Politics seldom surprises. It has been described, with a measure of idealism and hope, as the art of the possible. But most often it is the art of the compromise. And the more desperate one side is to pass a bill, the less the actual substance of the bill really matters.
The Senate now is poised to pass a mammoth, expensive health care reform bill on Christmas Eve. The timing is desperate. Next year is an election year for every member of the House and many in the Senate. Compromises are difficult when votes from regular people are on the line. The Senate and House versions of the bill still have to be reconciled, and that will require a lot more compromises early next year.
But as for substance — forget about it.
The Senate bill is particularly nice if you happen to live in Nebraska. That's where Ben Nelson is a senator. He wavered in his support for the bill, and so his vote came with a provision to pay for full federal aid for Nebraska's expanded Medicaid population — forever. Every other state gets federal help for three years only. Louisiana also got between $100 million and $300 million in additional aid for its Medicaid population, all in an effort to get the vote of Sen. Mary Landrieu. Even Utah got something — higher reimbursement rates for Medicare patients. But that's only because Utah falls under the same definition as other "frontier" states where important Democratic votes reside.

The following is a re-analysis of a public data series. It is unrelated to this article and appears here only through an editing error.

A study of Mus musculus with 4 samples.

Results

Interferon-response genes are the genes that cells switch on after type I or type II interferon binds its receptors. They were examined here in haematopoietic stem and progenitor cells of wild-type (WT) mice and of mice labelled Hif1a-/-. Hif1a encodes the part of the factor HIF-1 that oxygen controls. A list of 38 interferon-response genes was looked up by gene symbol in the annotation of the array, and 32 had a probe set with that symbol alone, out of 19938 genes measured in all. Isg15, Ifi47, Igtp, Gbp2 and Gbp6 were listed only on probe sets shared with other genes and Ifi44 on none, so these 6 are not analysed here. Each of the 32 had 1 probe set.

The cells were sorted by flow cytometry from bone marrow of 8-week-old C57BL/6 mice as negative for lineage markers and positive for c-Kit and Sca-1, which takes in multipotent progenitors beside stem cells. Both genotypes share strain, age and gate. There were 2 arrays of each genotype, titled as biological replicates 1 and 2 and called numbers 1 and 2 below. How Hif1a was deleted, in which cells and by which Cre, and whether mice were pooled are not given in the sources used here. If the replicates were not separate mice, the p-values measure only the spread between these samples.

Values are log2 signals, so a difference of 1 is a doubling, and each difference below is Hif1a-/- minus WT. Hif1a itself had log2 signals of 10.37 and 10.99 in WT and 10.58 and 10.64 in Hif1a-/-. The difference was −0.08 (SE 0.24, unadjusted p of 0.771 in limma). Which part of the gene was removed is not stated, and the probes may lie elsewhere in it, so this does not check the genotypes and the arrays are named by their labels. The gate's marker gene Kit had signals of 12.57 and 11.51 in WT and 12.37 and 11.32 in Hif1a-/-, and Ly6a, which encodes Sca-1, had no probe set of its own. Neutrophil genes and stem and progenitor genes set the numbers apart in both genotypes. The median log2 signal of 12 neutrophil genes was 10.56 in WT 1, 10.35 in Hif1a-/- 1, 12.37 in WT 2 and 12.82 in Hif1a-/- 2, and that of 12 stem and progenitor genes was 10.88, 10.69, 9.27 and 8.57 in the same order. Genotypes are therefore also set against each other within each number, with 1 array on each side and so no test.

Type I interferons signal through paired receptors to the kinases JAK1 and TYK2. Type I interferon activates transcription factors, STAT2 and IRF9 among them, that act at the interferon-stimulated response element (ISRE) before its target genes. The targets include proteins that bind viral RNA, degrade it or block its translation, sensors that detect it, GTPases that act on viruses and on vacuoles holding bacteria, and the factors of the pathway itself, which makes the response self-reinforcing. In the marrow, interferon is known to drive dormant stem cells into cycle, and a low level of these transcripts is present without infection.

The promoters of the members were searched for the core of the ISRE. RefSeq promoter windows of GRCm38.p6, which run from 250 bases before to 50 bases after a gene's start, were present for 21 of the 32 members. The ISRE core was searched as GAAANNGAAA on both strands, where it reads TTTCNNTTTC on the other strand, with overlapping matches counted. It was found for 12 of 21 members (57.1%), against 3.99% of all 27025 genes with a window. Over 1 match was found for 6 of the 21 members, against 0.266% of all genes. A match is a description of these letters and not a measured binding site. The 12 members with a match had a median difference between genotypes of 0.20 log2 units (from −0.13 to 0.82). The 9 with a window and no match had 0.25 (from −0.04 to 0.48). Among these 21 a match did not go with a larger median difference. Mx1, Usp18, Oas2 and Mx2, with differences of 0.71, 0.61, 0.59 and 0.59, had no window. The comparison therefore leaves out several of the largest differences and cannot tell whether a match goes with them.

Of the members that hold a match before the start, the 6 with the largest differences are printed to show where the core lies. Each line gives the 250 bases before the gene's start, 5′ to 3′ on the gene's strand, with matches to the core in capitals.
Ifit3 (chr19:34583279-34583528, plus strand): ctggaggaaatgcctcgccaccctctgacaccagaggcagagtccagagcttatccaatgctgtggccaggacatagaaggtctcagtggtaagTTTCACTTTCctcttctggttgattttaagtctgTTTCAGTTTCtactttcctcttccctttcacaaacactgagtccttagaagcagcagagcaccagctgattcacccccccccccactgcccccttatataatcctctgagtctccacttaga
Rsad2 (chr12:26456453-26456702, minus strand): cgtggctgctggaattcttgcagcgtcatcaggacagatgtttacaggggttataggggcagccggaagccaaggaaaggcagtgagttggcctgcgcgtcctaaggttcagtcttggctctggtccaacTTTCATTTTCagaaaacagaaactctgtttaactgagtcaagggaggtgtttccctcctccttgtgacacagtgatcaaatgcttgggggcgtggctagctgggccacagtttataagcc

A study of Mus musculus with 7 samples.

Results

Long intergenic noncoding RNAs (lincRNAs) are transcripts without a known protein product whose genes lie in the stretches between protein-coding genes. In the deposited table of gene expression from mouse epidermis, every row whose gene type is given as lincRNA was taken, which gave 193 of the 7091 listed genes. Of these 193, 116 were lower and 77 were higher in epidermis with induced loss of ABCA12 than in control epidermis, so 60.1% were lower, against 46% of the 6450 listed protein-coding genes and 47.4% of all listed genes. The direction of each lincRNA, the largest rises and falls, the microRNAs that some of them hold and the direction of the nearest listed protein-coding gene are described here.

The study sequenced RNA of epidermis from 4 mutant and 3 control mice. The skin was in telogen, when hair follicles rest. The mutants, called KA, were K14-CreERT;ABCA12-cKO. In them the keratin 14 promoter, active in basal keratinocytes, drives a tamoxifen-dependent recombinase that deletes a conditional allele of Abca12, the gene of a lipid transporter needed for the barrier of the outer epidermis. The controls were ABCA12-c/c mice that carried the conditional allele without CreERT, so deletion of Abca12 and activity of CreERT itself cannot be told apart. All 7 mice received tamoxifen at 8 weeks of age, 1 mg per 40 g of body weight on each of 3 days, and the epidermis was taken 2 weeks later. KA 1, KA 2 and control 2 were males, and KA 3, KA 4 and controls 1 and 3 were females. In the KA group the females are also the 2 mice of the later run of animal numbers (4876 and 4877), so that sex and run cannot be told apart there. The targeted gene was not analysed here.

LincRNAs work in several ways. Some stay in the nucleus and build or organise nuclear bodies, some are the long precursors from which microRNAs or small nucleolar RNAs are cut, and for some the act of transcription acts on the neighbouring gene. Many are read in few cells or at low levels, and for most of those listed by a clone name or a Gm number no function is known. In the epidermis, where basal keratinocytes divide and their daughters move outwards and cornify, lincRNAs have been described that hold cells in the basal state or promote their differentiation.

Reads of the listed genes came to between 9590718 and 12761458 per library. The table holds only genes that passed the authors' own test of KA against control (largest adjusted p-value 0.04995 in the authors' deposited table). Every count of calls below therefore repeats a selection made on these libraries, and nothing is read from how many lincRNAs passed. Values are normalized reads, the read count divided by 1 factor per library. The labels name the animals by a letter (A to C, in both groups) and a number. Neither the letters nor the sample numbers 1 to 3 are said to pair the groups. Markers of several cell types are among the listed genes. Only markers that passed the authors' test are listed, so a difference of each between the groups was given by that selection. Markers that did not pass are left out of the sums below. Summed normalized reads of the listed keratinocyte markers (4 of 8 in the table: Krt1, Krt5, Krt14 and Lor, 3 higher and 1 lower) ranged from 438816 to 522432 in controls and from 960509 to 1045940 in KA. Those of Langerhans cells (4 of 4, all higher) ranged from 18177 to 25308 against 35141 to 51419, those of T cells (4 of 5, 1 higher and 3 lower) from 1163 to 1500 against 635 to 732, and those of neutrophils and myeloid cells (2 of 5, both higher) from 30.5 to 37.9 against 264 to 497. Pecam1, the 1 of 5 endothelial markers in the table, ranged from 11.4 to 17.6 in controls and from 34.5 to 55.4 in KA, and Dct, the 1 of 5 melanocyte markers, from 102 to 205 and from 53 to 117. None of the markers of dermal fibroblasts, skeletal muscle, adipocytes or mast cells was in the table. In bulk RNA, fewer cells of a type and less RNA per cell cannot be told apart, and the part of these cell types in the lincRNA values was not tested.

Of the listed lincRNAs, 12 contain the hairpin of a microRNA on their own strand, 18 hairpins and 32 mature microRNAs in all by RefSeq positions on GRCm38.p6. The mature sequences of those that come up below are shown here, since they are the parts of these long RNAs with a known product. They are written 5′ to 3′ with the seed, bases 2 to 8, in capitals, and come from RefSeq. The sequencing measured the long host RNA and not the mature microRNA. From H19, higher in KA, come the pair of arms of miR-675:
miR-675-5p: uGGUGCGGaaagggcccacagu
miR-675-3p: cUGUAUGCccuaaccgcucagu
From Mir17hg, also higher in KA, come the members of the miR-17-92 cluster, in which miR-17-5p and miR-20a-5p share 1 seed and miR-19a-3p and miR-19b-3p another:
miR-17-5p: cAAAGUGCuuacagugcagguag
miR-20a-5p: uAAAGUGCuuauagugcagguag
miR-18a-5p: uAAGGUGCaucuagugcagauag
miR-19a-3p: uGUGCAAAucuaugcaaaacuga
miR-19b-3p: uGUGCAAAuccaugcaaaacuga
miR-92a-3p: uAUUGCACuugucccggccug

What the Senate will pass this week is a brilliant political document. But it is a pathetic health care bill. Often, people conclude that a measure must be good if it makes people on both sides of the aisle unhappy. But the nation's health is far too important for such a compromise. Liberals didn't get the public option or abortion provisions they wanted. Conservatives didn't get any type of tort reform. Instead, the nation gets expensive insurance reform, along with a lot of political favors in certain parts of the country.
More than anything, this bill is a stark reminder of how inefficient governments are at making decisions that best belong to the marketplace. Following the announcement of a compromise last weekend, liberal columnist Eugene Robinson hailed it as, at long last, signaling that America no longer will "ration health according to wealth." He's wrong. Health care always will be rationed according to wealth. The difference now is it will be rationed according to the government's wealth as decided by detached bureaucrats.
America does have a health care crisis. Costs are spiraling out of control, and too many people can't afford coverage. Insurance should not be so closely attached to employment. Legal costs should be brought down and the entire system should be made more transparent. For the most part, states are the best places to handle such problems. The 2,000-page-plus thing expected to emerge from the Senate this week won't solve these problems, no matter what politicians tell you.